Today I read a busy mother’s poem from the Bible.
Look how Solomon describes wisdom:
Wisdom cries aloud in the street,
in the markets she raises her voice;
at the head of the noisy streets she cries out;
at the entrance of the city gates she speaks:
Where does wisdom cry out? In the center of real life: noisy streets, by the city gate. Does that sound like your life? Noisy? Chaos? Being pulled in multiple directions? Hard to hear or be heard except by shouting a bit? I bet when wisdom calls like that, everyone stops, right? No, not at all. Wisdom has to plead.
How long, O simple ones, will you love being simple?
How long will scoffers delight in their scoffing
and fools hate knowledge?
If you turn at my reproof,
behold, I will pour out my spirit to you;
I will make my words known to you.
Remember when Joshua Bell played in the subway? One of the most talented musicians in the world played the most beautiful music ever written, and people simply passed by without a glance.
Isn’t that like wisdom? Among the most precious treasures of the world, and we mothers rush by our days without so much as a passing glance of its value or our need for it. Wisdom isn’t held in some secret place where only the super-spiritual or super-intelligent can find it. The problem is, getting wisdom does have some strings attached. We have to work for it. We have to turn from our own ways. It’s not complicated, but it is hard work. If we don’t make wisdom a priority, there will come a day when it is too late.
The sad part is that the rest of the chapter talks about people who realize too late the value of wisdom.
If you’re a mom, you are indeed busy, but you must still take time for wisdom. Take a deep breath. Find passages that cause you to rest in Christ. It doesn’t have to be first thing in the morning. It doesn’t even have to be when everyone is sleeping.
When you have small babies, it can be a challenge to find that time. You might have been able at one time to spend large blocks of time with God, and might be holding out for that same corner of your day. You might have to readjust your expectations. I think the first years of my children’s lives, I spent months just reading Psalms and Proverbs and parts of Isaiah. I felt guilty that I wasn’t studying new things– I was reading those passages that I already knew and loved and helped me think right. Sometimes I had to admit that I was wasting time on the computer and complaining about not having time to read my Bible. For me, naptime was better than early morning (and I, a morning person!), and breakfast worked well. Sometimes I read the Bible while the children were taking their baths! I learned that listening to the Bible being read was helpful in maintaining a train of thought (and sometimes it wasn’t). Sometimes I ended up frustrated because I couldn’t seem to ever read two sentences without some distraction (and I am very distractible). Was the time wasted? I don’t think so, even though I often thought it was. Wisdom says to incline our ears, and that’s what I was doing.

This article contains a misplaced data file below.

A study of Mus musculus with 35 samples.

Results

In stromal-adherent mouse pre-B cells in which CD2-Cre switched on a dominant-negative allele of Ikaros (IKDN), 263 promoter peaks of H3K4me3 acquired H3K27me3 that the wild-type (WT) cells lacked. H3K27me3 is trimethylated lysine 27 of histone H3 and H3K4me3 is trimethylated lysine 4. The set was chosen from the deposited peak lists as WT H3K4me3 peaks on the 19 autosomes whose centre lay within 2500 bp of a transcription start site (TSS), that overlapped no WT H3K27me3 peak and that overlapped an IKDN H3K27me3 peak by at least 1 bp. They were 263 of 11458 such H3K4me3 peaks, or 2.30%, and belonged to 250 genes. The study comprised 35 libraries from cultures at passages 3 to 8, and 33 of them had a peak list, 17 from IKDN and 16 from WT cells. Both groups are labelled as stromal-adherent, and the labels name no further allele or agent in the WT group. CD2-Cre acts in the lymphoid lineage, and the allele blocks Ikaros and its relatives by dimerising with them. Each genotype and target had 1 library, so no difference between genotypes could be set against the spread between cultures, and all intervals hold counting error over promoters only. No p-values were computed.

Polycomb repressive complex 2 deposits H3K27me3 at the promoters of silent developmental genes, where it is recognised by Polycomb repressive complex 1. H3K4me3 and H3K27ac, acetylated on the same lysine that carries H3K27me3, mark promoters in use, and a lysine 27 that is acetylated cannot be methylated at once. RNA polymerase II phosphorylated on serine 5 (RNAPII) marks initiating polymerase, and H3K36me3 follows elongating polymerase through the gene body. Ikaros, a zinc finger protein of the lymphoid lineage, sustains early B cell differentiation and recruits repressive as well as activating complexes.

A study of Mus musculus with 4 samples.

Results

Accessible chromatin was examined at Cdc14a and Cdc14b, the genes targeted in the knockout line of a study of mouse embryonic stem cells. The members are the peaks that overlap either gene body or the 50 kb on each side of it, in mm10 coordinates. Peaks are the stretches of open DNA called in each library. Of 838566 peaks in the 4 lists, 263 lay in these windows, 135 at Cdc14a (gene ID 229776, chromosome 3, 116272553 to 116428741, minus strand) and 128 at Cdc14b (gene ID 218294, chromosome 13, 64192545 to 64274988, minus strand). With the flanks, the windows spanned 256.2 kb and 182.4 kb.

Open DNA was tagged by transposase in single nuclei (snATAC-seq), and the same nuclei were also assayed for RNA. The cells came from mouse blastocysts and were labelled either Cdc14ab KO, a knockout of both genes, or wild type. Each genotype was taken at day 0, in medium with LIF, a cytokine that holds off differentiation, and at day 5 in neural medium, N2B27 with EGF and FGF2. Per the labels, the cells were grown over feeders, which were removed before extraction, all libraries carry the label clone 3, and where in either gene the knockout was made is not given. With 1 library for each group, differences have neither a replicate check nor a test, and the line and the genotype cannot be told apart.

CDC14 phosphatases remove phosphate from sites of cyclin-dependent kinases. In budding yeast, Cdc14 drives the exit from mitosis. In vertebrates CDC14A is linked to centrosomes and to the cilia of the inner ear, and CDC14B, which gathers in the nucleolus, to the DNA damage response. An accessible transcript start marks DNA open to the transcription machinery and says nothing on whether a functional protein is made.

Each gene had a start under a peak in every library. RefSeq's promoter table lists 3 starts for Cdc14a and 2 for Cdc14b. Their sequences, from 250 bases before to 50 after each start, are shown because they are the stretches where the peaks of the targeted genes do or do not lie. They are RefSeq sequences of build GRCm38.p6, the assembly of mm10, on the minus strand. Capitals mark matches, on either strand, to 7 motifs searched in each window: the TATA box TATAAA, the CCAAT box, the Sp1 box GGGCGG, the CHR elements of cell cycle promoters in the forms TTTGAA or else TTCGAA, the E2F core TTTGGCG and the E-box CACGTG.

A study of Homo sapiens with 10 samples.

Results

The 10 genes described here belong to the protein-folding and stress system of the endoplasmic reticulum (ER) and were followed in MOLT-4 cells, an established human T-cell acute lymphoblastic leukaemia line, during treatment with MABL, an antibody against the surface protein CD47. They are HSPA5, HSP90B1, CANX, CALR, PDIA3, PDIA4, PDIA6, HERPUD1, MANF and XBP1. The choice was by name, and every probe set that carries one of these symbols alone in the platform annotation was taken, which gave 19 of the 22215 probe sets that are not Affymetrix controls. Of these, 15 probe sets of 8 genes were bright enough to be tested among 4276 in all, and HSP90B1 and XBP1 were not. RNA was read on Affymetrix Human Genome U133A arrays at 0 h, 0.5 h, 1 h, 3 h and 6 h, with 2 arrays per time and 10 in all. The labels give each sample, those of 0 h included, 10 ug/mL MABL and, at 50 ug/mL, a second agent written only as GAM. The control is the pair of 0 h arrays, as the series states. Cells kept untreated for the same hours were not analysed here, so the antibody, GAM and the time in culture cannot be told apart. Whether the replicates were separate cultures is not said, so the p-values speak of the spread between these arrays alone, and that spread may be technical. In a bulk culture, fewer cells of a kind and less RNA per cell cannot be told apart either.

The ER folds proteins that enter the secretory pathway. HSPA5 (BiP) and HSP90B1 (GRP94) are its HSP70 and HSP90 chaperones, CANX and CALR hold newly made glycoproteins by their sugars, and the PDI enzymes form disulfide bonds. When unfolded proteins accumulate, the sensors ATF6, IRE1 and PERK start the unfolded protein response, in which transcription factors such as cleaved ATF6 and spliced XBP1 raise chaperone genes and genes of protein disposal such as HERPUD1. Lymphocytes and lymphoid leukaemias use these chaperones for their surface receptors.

What’s important is not merely what you read or when; the first step is that you stop and listen.
The day will come when you have more quiet time to read. You’ll know then if you were really too busy for wisdom, or just not caring to take the time for it.That’s a convicting thought for me. My children are more independent now. I can actually read my Bible in the mornings, and not be too distracted. (then again, maybe I’ve learned to read while they’re playing) Today I’m praying for my sisters who have little ones, that they will find rest today.